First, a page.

In fact, it was just a block away from both the Pulidos’ Edge Hill house and his new Walden Street apartment that bullets struck Heath Street gang members on Halloween, 1994, sparking a misguided retaliatory strike that killed nine-year-old Jermaine Gofﬁgan.
In 1996, the Boston Police Academy accepted Pulido into its class. Carlos Pizarro was in the same class, of just under 100 people. So was Larry Celester Jr., brother of a Madison Park classmate of Pulido’s. And so was Roslyn Williams, who would have a child with Pulido in 2000.
Their affair may have been going on for several years. In a restraining-order application Williams took out against her ex- husband in 1997, she referred to “my boyfriend . . . a Boston Police Officer.” One person who knew her believes the boyfriend in question was Pulido, whom she had met in the academy. (Williams declined requests to talk to the Phoenix for this article.)
Williams did not make the force, despite a criminal-justice degree from Northeastern University and praise from her employers at the Suffolk County Superior Court criminal clerk’s office. According to documents from her appeal to the Civil Service Commission, she was rejected “for having had a significant association with known gang members in the city of Boston.”
Williams, at age 17, had been pregnant with Anthony Johnson’s son when Johnson — better known on the street as Tony C., or in the rap world as Tony Rhome — was stabbed to death by an Academy Homes gang member in 1988. Johnson, the commission noted, “was one of the most powerful and notorious gang leaders in Boston.”
Williams later married Johnson’s brother Paul, then in prison for murder. Their marriage was annulled before he was released, in mid 1997.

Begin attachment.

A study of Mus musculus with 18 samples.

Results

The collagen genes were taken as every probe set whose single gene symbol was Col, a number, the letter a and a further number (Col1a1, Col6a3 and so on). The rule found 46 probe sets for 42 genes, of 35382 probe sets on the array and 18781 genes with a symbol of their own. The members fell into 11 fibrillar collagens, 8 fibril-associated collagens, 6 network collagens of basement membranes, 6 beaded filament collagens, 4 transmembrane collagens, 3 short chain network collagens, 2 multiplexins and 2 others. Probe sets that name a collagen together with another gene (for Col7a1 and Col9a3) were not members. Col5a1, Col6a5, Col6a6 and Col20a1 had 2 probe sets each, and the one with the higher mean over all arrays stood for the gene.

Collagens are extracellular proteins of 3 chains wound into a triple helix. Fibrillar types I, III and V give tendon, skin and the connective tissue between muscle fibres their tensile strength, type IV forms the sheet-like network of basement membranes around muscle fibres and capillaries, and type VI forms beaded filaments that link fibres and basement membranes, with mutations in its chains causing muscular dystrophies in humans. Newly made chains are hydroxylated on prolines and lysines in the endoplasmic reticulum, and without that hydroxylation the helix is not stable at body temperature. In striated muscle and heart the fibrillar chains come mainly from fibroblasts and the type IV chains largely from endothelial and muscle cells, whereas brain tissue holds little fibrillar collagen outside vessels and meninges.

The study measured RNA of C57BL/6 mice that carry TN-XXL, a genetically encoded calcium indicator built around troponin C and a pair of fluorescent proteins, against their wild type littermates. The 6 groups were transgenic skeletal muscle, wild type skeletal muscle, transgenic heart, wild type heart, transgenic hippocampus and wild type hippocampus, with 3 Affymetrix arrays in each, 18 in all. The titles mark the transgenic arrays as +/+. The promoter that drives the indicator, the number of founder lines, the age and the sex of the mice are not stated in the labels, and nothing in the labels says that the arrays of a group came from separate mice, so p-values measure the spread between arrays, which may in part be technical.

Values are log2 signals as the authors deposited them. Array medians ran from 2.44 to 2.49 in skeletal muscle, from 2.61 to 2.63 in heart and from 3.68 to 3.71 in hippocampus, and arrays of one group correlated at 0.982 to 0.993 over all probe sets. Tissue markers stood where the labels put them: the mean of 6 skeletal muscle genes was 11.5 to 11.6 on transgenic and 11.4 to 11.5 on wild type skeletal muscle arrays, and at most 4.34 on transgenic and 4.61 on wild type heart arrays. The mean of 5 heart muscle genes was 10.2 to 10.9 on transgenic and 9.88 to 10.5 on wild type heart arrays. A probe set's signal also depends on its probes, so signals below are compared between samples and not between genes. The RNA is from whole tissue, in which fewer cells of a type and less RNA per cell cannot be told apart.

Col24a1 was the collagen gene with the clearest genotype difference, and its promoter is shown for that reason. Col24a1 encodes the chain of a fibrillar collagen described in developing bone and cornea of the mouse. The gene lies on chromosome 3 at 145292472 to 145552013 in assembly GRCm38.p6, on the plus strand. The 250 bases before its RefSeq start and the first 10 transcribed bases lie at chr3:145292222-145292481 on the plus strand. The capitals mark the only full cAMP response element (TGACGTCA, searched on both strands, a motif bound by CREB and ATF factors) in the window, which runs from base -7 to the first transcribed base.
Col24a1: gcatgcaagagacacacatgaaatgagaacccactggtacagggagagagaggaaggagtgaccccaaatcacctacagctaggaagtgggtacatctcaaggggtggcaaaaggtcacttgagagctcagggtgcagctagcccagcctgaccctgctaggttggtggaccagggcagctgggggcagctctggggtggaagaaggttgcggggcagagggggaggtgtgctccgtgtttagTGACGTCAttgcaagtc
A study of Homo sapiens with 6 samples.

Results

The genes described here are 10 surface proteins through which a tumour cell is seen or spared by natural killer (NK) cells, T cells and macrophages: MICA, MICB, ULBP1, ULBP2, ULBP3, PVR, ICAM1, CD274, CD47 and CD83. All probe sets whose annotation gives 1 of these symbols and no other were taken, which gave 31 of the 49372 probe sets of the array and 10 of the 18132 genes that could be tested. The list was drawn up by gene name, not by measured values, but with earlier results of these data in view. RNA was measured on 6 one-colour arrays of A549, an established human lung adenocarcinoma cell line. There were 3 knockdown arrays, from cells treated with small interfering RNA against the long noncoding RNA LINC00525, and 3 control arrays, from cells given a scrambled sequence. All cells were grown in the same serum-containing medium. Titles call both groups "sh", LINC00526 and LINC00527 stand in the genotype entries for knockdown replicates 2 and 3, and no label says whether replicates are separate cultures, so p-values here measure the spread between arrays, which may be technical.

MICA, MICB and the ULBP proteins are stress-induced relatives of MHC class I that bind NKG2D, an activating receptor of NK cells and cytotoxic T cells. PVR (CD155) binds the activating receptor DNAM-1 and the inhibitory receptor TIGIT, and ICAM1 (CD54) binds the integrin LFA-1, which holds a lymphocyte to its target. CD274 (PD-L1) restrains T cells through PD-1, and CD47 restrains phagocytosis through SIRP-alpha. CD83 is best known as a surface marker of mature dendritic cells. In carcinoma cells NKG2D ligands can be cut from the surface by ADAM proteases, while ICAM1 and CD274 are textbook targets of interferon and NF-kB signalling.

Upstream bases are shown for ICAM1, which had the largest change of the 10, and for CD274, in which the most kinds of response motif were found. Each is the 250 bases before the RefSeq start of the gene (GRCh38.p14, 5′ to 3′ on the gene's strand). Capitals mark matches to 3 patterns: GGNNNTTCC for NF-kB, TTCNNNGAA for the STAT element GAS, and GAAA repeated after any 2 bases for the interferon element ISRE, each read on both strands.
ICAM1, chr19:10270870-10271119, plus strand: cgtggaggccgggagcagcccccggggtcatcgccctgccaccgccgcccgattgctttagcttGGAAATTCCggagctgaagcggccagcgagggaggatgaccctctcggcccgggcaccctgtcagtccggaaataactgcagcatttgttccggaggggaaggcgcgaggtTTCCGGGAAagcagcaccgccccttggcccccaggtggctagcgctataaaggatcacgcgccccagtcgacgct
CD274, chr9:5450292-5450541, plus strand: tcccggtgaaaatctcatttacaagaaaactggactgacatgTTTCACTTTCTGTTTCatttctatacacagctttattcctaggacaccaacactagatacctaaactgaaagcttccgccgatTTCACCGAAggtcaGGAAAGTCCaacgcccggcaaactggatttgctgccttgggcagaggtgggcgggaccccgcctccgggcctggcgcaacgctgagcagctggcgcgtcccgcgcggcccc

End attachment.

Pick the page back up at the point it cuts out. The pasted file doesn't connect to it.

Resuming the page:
At that time, Williams lived on Walnut Park Street in Roxbury, within Pulido’s territory patrolling District E-13 — which had just reopened after being engulfed in scandal the year before.
Pulido's 1983 senior yearbook photo
In 1996, the year Pulido began working in District E-13 as a rookie, a Boston Globe investigative report alleged that Area E detectives Kenneth Acerra and Walter “Mitty” Robinson had been stealing money and drugs during raids they ginned up by inventing informant sources. Both detectives served time. Another detective, John Brazil, testified that he learned the art of fraudulent search warrants from Acerra and Robinson, and resigned in 1999. Their boss, Leonard Marquardt, was reassigned to the identification unit amid a variety of allegations — which, at the time, was a routine administrative method of dealing with problem officers. They were all said to be part of the Area E “Corvette squad,” so-called for their shared automobile obsession, and rumored to be involved in a variety of corrupt arrangements.
This was just the latest scandal for Area E, but the worst since the “Tow Scam” of the late 1980s. That scandal centered on a Jamaica Plain auto shop, where (among other allegations) police would have cars towed — often for no reason — and held for days or weeks before the owners were notified, racking up huge storage fees. A BPD captain, a detective, and others pleaded guilty.